About 14 million people in the world identify as members of the Church of Jesus Christ of Latter-day Saints, or the Mormon faith, including less than 2 percent of the U.S. population. One church member, former Massachusetts Gov. Mitt Romney, is vying for the Republican nomination for president amid questions and concerns about how his religion might influence his leadership. While some view Mormonism as an unusual or outsider religion, the relatively young faith is in many ways a distinctly American one, says religious historian Matthew Bowman, a visiting assistant professor at Hampden-Sydney College in Virginia. In his new book, The Mormon People: The Making of an American Faith, Bowman traces the church from its founding in 1830 to today. Bowman, a Mormon himself, recently spoke with U.S. News about the religion's position in American culture and its potential impact on the upcoming presidential election. Excerpts:
What inspired you to write this book?
I think the time is ripe in American culture for a book about Mormonism. I think Americans are considering again, as they have several times in the past, what the place of Mormons in American life is and if Mormons can be part of mainstream American culture or if they still have to be on the outside.
You write that scholars talk about Mormonism as a "quintessential American" religion. How so?
In a lot of ways, early Mormonism embodies the ideals of early American culture and American life. There is a priesthood hierarchy, but there is no theological training, there is no academic training. You simply step into the office and begin performing it. There is something very American about that sort of amateur enthusiasm. And also the sort of democratic sense that any man who joined the church could immediately rise to leadership in it. The early leaders of the church were farmers and carpenters and laborers who put a religion together themselves. And [Mormon founder] Joseph Smith, of course, who was an uneducated farm boy, is perhaps the best example of that—somebody who had no theological training but nonetheless produced reams of scripture on his own.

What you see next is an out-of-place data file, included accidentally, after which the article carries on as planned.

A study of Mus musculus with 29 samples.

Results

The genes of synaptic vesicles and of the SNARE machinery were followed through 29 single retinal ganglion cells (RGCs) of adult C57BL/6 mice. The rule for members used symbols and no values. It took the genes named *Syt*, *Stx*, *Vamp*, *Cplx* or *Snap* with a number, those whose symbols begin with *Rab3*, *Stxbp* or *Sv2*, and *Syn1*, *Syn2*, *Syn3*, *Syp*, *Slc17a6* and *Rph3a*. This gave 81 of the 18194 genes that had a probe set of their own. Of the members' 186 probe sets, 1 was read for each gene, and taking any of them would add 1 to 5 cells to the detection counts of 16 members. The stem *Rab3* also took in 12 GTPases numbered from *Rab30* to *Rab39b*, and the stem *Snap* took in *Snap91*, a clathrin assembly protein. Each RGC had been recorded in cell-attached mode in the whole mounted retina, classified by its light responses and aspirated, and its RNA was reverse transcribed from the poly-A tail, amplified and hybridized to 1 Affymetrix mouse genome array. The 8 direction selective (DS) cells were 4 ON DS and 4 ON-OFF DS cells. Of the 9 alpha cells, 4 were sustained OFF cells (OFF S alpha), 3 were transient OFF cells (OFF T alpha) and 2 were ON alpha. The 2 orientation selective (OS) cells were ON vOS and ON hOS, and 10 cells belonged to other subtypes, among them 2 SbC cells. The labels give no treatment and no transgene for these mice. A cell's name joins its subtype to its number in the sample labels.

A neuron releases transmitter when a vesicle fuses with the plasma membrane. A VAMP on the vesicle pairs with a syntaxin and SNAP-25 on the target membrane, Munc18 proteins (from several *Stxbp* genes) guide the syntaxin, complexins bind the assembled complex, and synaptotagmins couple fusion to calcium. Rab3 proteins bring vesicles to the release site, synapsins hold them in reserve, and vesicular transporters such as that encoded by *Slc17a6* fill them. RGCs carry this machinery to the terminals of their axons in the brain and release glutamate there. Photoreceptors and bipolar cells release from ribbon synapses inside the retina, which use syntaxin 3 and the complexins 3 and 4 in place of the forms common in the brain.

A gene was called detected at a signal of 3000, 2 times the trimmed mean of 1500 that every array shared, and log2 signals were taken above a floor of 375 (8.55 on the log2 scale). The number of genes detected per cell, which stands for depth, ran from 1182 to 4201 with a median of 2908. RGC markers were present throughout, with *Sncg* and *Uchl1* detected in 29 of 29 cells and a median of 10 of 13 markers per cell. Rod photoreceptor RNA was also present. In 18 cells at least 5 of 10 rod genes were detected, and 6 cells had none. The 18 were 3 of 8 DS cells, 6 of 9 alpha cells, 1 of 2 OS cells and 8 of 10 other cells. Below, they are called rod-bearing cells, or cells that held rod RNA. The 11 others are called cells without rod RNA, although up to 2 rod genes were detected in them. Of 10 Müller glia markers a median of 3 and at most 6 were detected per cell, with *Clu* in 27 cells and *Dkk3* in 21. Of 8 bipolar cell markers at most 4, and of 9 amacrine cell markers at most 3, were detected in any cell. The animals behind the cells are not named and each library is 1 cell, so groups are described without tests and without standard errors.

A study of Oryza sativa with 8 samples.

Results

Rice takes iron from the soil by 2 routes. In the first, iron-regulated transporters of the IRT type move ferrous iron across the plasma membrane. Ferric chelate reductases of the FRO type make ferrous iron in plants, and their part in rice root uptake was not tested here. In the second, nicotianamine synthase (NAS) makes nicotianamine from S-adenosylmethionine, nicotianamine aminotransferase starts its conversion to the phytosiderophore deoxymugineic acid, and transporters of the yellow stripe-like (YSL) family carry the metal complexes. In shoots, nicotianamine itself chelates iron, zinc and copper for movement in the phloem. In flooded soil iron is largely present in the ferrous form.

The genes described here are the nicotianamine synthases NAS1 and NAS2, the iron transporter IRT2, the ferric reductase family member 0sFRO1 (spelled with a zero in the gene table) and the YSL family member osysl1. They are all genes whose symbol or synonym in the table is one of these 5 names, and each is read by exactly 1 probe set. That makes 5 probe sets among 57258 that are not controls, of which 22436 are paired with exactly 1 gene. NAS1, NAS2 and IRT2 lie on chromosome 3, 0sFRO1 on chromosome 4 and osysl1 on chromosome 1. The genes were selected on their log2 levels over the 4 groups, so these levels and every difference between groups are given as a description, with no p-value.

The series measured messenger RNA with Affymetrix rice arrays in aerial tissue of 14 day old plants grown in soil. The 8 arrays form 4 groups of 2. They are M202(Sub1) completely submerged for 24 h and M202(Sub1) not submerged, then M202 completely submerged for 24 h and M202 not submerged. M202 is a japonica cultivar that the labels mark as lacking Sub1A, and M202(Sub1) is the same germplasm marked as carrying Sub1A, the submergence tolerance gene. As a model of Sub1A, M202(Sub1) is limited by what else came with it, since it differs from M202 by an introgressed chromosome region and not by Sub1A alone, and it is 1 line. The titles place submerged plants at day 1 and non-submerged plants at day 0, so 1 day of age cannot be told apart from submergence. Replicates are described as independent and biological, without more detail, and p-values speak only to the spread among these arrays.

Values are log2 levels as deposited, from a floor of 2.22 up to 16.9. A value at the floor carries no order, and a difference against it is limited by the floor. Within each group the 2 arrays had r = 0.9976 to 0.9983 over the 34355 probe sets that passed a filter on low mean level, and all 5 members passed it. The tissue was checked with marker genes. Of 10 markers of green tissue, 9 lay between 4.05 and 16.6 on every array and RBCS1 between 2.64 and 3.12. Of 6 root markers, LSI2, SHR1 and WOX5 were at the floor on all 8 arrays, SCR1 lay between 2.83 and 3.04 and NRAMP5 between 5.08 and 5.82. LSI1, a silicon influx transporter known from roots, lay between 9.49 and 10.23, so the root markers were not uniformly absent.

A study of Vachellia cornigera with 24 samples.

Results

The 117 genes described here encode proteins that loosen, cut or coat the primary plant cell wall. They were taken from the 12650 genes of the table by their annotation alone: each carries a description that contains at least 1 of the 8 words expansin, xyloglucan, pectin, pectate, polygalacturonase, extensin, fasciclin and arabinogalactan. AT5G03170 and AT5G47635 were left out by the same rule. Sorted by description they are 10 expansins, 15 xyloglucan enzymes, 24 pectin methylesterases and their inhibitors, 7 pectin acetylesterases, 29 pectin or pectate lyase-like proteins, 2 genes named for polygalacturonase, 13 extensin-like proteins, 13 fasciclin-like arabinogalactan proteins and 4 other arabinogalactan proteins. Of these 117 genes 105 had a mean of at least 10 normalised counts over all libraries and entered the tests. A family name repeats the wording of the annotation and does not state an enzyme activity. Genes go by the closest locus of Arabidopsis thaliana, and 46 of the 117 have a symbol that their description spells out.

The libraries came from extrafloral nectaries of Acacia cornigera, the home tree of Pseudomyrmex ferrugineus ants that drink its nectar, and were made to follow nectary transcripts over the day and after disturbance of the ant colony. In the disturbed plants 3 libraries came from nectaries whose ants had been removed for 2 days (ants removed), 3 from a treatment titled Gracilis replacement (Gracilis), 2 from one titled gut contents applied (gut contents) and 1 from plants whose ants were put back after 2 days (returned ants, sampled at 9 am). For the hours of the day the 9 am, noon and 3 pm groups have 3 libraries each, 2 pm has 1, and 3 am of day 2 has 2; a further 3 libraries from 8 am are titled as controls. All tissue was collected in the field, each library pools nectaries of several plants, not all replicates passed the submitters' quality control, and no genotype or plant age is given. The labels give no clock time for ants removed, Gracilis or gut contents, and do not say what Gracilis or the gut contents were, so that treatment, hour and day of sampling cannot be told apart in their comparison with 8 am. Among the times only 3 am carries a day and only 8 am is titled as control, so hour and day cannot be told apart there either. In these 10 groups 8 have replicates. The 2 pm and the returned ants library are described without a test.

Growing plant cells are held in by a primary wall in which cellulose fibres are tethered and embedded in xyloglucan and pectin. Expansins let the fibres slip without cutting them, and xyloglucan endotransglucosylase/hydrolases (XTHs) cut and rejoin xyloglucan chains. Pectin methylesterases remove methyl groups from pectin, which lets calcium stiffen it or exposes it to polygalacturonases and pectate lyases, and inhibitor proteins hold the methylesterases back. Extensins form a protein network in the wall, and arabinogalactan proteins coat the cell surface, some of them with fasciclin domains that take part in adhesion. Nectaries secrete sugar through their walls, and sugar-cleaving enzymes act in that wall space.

What do you see as the biggest misconception about the religion?
That it is a monolithic religion, and that Mormons all kind of believe the same thing, they all dress the same. There is a fair amount of diversity. Fewer than half the Mormons in the world live in the United States, and Spanish is very, very close to becoming the language of a plurality of Mormons today.
Over its history, how has Mormonism connected with politics?
Mormons have had kind of a fraught relationship with American politics since the beginning of the church. Joseph Smith was never very comfortable with American democracy—he was disappointed by it many times, he found himself at the losing end of a lot of electoral fights. After he died, the Mormons became something of a political football that the two parties fought over. Members of the church have moved pretty steadily to the right over the 20th century, and mostly over social issues. By the 1960s, when the culture wars began, Mormons were very, very distressed by the sexual revolution, by things like this, and have become fairly reliable Republicans in the past 40 years or so.
How big a role do you think the religion will play in this year's presidential election?
I think that the thing that matters most in this election is the economy. I think Romney's Mormonism will not sway the electorate one way or another. I think it is causing him more problems in the primary than it would in the general election. When the rubber hits the road and they're in the booth and have to pull the lever for somebody, those who would not vote for a Mormon are fairly small.
If Romney wins, might that have an effect on greater public acceptance of Mormonism?